Better Late Than Never: Yahoo’s Mayer Finally Talks About Telecommuting Kerfuffle
At a human resources conference yesterday, Yahoo CEO Marissa Mayer finally commented on the massive controversy generated after the Silicon Valley Internet company decided to end its work-from-home offering to its employees.
News of the change came in February after AllThingsD published a hopelessly awkward memo on the new dictate that resulted in a firestorm of debate.
That was no surprise, since the missive was confusingly penned by HR head Jackie Reses, who noted, in part: “Speed and quality are often sacrificed when we work from home. We need to be one Yahoo!, and that starts with physically being together.” Along with an incomprehensible aside about the “cable guy,” there were few details.
And because Yahoo PR’s goal is to not comment, except when pushing shiny new products, it was disinclined to say anything at all once the memo was public. ATD reported initially it was a couple hundred employees, but the memo made it unclear who would be impacted and how. Yahoo later made an unusually bloodless statement that work from home was not what was right for the company at that time, given its need to turn itself around.
Mayer underscored that point in her keynote speech, with Fortune reporting that she put up an image of a purple elephant with WFH letters on its side and said, “I need to talk about the elephant in the room.”
She also tried to push blame onto, well, I am not sure whom, noting, “It was wrongly perceived as an industry narrative.” This mistakes-were-made tactic was clever, but the situation spun out of control simply due to the fact that Mayer was tin-eared on a hot-button issue and was poorly advised not to give a quick and cogent explanation of it at the time, causing a lot of unnecessary external and internal confusion and worry.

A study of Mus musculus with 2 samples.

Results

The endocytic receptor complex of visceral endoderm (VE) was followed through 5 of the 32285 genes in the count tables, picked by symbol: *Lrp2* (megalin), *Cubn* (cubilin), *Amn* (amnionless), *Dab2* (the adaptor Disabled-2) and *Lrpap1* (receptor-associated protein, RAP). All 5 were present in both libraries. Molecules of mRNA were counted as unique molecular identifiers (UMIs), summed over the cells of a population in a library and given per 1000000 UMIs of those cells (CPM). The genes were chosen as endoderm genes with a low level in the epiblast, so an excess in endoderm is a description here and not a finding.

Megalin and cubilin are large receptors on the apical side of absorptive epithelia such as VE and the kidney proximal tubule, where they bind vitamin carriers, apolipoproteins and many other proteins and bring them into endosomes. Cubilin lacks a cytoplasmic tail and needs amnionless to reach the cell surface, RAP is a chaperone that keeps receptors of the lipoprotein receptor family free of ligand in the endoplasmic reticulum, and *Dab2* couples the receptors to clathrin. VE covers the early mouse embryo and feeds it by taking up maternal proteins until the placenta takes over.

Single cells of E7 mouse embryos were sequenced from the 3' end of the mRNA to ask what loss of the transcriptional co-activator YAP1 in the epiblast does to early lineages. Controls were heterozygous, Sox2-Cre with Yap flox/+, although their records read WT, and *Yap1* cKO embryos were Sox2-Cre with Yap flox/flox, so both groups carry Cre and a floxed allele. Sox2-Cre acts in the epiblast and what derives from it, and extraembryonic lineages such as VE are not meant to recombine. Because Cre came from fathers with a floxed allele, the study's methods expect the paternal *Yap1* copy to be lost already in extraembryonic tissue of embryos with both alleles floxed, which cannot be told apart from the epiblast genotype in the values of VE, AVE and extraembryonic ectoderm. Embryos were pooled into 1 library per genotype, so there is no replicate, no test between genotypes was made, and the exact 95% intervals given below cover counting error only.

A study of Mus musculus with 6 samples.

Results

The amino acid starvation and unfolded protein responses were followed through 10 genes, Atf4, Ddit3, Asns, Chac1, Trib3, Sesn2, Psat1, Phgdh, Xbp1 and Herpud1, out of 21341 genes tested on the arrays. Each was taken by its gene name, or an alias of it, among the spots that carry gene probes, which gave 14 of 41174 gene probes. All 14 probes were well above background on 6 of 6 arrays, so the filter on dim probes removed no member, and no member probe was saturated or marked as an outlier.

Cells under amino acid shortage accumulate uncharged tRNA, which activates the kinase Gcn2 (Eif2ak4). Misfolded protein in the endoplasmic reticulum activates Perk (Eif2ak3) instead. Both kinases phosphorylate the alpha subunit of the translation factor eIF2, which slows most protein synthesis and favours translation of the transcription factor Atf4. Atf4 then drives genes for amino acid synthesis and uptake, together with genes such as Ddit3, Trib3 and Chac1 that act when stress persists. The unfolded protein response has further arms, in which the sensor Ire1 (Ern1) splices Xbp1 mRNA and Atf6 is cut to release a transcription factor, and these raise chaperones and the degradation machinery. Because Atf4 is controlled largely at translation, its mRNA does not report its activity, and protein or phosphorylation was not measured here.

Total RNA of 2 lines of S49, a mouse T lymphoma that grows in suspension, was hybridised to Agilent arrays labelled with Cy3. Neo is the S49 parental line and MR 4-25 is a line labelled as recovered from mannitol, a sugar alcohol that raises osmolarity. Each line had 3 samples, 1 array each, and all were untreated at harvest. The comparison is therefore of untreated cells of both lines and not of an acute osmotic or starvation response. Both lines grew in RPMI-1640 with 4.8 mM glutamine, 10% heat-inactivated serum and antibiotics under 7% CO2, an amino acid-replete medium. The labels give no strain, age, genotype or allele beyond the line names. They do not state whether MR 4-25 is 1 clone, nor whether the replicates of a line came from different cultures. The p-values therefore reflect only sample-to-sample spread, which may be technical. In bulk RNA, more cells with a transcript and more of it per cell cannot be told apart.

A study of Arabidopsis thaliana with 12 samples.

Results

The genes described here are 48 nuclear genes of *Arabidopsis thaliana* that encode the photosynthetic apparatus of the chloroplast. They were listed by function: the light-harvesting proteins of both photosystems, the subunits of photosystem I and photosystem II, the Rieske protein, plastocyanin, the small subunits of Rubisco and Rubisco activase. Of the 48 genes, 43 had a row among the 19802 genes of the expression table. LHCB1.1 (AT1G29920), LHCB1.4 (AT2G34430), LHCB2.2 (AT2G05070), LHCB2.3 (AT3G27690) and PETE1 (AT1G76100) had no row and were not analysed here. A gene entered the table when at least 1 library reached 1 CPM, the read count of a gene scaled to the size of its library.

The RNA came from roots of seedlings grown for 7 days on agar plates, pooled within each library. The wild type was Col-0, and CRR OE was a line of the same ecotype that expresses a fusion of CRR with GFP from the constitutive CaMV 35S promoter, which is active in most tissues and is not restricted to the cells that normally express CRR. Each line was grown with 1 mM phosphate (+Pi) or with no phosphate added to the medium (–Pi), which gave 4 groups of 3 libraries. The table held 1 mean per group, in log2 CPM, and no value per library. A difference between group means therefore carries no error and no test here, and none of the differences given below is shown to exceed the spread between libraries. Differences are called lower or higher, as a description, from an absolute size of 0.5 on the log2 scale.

What was too bad was Mayer had a valid enough point — even if it was very harsh medicine to end the popular policy — that Yahoo probably needs all hands on deck right now to return to innovative relevance. She also said in her speech that while “people are more productive when they’re alone … they’re more collaborative and innovative when they’re together. Some of the best ideas come from pulling two different ideas together.”
As I said, it’s an excellent point, even if how Mayer delivered her message turned out to be a lesson as a new CEO in how it’s not what you say, but how you say it. And, of course, when.